October 10, 2000:  Willamette news and surprises from the Microprocessor Forum

Other double frequency units and bits and pieces.

The biggest surprise during today's speech of Intels Michael Upton at the Microprocessor Forum in the Fairmount hotel in San Jose is without a doubt the disclosure that not only the Integer ALU but also several other units run at double the processor frequency. Starting with the two schedulers for the ALU's. Each double pumped ALU appears to have it's own scheduler. The entire integer register file which contains the renamed and real registers runs at the double frequency. Also the load and store address generators are included in what is called the Rapid Execution Engine since the autumn IDF. This is in contrast with earlier presentations which only mentioned the "double pumped" ALU.

I had a conversation later on with chief architect Glenn Hinton who confirmed this. He agreed that it would have been possible to run the register file at the normal frequency with double the ports but that Intel had specifically chosen to run it at twice the normal frequency.

This newly disclosed information means that 9 out of 20 pipeline stages contain double frequency components, much more then the 2 previously assumed. The fact that also the Address Generators run at double the frequency remains a bit puzzling since the 8 kByte L1 data cache runs at the normal frequency and won't accept anymore then 1 load and/or store address per cycle.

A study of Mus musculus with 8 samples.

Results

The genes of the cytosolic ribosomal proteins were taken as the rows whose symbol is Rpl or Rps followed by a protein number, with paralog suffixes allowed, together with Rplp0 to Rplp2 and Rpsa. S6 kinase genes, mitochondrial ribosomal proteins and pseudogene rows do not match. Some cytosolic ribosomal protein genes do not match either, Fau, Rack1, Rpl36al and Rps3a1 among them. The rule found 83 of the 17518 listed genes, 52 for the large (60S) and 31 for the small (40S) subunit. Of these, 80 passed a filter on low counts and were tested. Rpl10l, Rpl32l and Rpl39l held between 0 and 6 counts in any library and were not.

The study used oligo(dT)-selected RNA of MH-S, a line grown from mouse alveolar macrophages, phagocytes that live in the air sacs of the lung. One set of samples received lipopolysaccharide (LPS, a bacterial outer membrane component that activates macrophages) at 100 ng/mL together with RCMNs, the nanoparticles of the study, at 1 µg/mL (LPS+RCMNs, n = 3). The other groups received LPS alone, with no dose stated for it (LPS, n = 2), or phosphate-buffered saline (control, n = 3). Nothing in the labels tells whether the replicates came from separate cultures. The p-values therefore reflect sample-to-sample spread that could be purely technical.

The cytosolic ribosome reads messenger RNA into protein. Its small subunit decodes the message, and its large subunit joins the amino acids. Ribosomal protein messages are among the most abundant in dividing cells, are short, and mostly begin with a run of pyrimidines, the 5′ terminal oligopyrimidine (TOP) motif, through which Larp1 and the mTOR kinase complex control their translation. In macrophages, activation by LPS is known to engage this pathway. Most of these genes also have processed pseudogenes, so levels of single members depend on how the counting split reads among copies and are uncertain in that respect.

Some more bits and pieces:
-  The Branch History Table has 8 times the size of that of the P6 (4 kByte)
-  The Willamette has a single instruction decoder and fills the Trace Cache with one instruction at a time
    after a Trace Cache miss.
-  Instructions that need data from a preceding load are issued speculative. They are canceled when the
    load gets a cache miss and are later  replayed. (Edit: This feature is also found in the Alpha EV6)

About the performance: Glenn Hinton expects that within three years most "power" applications will be re-written for the Pentium 4.

Obvious if you think about it but still remarkable: The Spec2000 benchmarks run well on Willamette because the average Branch-miss prediction is only half of that of Spec95. The basic reason can be found in the much larger datasets. Loops will repeat longer in Spec2000 then in Spec95 and are therefor better predictable.

That's about it. No really detailed disclosures today. Glenn Hinton mentioned that it's Intel's policy to only disclose information in a staged way when I asked him why he was so cautious in not letting me know anymore then came out of Michael Upton's speech and that they may want to keep some things secret all together. For instance the memory pre-fetching techniques which seem to make such an important contribution to the performance jump which the Coppermine made compared with it's direct (P6) predecessors.